On October 29th, the New York Times published an article by Lionel Anderson and Katherine Schulten entitled Understanding Plagiarism in a Digital Age. If you haven’t read it yet, please, leave this blog post right now and take a moment to do so. I’ll wait.
This is me waiting patiently, just thinking…
Alright, you’re back. What did you think?
When an English colleague brought the article to my attention, I thought, “EUREKA! A good upper school blog topic! Let’s see how other librarians react to and/or are already handling this!” It is an ongoing conversation in my world and I would imagine it is in yours as well. We want to do it better. Maybe you can help?
Stating the obvious:
We are all dealing with busy, busy teens living in a digital age where one can copy and paste faster than one can actually say the words “copy and paste”. We mash up songs and retweet the ideas that resonate with us. We truly are a part of a sharing culture. Shmoop and Spark have become verbs describing pre-class reading to prepare for a literary discussion, with or without an accompanying quiz. Can original thought survive such preparation, or are others’ words becoming the “barbs” that Anderson and Schulten refer to in the article?
What if you’re working with a multi-cultural population with different notions of intellectual ownership? If these students plan on attending American universities, isn’t it our responsibility to teach them the American rules of attribution?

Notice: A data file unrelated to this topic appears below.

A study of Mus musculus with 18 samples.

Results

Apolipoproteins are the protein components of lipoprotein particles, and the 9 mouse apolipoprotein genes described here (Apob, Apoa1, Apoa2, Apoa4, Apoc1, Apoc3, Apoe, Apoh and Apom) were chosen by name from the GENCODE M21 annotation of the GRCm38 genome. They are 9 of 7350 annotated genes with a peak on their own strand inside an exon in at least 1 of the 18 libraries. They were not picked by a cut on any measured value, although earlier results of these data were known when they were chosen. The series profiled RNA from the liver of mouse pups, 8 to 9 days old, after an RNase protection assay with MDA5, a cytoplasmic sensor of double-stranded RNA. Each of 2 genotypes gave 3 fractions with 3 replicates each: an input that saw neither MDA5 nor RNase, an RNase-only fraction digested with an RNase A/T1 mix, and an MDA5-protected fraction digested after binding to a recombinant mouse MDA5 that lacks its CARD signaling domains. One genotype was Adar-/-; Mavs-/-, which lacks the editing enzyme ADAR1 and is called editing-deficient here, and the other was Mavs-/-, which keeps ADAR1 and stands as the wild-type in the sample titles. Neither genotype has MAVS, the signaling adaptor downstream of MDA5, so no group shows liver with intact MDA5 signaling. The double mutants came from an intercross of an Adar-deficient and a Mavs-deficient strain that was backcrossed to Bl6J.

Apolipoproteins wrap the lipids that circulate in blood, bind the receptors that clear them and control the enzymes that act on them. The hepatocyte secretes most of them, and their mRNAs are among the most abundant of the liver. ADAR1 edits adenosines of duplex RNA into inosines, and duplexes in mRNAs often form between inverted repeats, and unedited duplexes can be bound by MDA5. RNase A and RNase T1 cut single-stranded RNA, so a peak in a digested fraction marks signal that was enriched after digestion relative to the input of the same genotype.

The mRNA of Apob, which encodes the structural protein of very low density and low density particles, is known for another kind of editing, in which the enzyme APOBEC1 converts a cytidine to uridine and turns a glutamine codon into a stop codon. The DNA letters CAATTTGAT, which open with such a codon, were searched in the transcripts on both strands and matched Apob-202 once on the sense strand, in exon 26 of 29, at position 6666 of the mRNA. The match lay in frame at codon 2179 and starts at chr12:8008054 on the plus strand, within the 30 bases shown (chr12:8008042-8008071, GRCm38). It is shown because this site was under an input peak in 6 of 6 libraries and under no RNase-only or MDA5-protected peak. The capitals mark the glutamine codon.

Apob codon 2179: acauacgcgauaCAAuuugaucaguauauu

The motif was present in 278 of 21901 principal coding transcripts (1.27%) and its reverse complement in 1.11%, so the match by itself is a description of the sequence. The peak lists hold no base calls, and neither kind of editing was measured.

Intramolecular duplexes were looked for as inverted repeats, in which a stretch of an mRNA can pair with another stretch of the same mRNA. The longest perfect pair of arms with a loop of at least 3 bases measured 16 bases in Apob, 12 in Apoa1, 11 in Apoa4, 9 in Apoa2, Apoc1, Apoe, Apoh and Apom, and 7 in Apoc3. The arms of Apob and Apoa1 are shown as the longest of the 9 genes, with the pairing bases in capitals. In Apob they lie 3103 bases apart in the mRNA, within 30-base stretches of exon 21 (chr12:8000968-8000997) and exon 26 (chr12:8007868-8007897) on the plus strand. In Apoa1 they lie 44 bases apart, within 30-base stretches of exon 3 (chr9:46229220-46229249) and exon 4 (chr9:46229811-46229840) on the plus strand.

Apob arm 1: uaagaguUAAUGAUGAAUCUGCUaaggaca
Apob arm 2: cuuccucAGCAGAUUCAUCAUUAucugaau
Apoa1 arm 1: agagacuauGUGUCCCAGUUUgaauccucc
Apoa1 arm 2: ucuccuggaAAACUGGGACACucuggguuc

I want to know how we can step down from the proverbial soapbox and speak to our upper school students like the young adults that they are. To stop preaching and scare tactics to engage with them in a genuine conversation that will instill the wisdom and the skills to read, to engage with a text, to synthesize, and to attribute. How do we weave this into our school culture, not just for a few minutes when handing out an assignment or during a Noodletools intro during a library visit? We need more.
This isn’t a new question, I know. I’m culling research to share with the committee I’m on and holy wow, there’s a lot out there on it. Information overloadddddd!!!!! I can read all of that, but I want to hear tried and true: what’s working for you and your school?
Does your school have something like the ‘Plagiarism Learning Lab’ concept mentioned in the article?
Do you lead the conversation or is it another department, like English or history?
Do you work plagiarism discussion into other areas of school life, like advisory conversations, an opening week seminar, or your senior retreat?
What are you doing to address plagiarism in the digital age?